Connecticut Audbon Society

 

 

Daily Bird: Sharp-shinned Hawk

Sharp-shinned Hawk. Photograph courtesy of Joseph Cala.

December 17, 2020

Sharp-shinned Hawk
Accipiter striatus

by Andy Rzeznikiewicz
From fall til the early spring Sharp-shinned Hawks are often found patrolling bird feeding stations and field edges.

The Sharp-shinned Hawk is a small hawk, around 11 inches in size. Adults have blue-grey above and reddish-brown barring below. The Sharp-shinned’s tail that is square with black and white barring. The tail is sometimes slightly notched. In contrast, Cooper’s Hawk (Accipiter cooperii) has a rounded tail and is a larger bird. The Sharp-shinned Hawk also appears to have no neck when perched.

Often, the easiest way to spot one is to see it attack the birds at your feeding station. But in the fall, look for it chasing migrating songbirds and often soaring high overhead. Sharpies nest in the deep woods and are not observed very often in breeding season.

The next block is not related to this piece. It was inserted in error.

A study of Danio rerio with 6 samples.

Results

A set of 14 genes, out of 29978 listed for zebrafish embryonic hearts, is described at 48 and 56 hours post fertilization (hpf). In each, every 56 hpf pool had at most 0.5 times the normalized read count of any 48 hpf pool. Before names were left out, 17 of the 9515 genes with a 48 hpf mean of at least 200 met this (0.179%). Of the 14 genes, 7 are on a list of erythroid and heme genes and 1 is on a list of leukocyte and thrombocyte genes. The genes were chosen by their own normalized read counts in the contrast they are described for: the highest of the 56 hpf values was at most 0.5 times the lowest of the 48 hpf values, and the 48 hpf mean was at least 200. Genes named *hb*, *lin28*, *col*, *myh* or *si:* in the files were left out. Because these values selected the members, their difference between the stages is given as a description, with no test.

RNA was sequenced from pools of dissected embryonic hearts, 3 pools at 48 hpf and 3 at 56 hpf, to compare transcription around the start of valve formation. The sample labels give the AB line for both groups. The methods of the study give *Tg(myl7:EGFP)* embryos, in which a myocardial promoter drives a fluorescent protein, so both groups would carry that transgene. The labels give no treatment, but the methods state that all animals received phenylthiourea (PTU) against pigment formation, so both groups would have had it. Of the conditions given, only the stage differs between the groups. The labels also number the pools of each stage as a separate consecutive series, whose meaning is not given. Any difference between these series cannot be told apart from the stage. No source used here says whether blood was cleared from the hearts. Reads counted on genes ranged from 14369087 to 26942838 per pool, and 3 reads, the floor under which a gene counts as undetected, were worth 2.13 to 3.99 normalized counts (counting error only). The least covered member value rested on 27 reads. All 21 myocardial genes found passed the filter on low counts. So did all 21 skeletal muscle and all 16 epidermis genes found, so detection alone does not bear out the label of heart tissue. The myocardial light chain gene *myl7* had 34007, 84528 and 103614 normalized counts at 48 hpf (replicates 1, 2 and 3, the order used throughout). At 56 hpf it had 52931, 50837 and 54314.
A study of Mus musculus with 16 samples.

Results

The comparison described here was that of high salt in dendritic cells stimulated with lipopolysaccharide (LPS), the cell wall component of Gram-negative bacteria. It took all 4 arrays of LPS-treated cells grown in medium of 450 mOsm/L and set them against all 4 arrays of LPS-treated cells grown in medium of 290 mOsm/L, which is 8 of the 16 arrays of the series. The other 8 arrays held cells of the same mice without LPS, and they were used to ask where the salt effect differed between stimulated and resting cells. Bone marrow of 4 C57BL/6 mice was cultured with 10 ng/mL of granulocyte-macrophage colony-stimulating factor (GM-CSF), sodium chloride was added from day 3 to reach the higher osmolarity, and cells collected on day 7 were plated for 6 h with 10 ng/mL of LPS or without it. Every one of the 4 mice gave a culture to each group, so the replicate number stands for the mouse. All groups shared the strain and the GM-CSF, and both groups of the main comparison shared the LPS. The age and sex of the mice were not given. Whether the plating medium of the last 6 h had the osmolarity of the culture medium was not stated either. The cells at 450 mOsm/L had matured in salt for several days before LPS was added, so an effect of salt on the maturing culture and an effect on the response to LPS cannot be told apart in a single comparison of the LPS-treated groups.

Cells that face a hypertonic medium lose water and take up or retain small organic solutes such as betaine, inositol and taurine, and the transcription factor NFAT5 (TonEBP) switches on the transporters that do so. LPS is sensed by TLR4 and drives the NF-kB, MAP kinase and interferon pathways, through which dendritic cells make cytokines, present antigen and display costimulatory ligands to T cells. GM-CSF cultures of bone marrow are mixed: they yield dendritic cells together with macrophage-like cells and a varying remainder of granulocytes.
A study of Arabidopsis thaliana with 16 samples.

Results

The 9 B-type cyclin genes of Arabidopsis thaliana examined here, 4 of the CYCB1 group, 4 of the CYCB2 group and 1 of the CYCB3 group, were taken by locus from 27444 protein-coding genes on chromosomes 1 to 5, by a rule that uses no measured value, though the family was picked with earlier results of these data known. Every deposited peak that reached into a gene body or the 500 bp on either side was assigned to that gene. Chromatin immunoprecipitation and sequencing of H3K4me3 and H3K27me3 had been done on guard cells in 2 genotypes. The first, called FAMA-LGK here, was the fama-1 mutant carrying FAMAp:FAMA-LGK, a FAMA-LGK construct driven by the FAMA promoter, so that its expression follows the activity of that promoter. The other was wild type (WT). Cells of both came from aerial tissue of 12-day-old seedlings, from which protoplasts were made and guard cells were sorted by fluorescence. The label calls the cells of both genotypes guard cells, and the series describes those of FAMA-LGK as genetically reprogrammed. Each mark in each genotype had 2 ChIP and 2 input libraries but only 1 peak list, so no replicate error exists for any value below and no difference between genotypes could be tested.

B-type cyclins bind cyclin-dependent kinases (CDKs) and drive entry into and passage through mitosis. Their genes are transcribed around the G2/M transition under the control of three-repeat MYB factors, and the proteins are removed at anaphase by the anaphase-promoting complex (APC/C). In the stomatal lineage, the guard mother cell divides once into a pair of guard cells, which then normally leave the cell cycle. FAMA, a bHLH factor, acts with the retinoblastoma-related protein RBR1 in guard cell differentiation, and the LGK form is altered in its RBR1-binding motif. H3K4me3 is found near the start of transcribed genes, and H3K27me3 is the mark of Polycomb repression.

Facts about the bird: Sharp-shinned Hawks are pursuit hunters, meaning they chase their prey. About 90 percent of their diet is small songbirds. They can be observed harassing larger birds of prey like Red-Tailed Hawks.

Conservation status: Sharp-shinned Hawk populations used to be in decline because of DDT use but since the ban of DDT in the 1970s they have rebounded and are much more plentiful. Although listed as Least Concern by the IUCN, the nesting population of Sharp-shinned Hawks are officially endangered here in Connecticut.

Andy Rzeznikiewicz is the sanctuary manager for our northeast Connecticut sanctuaries.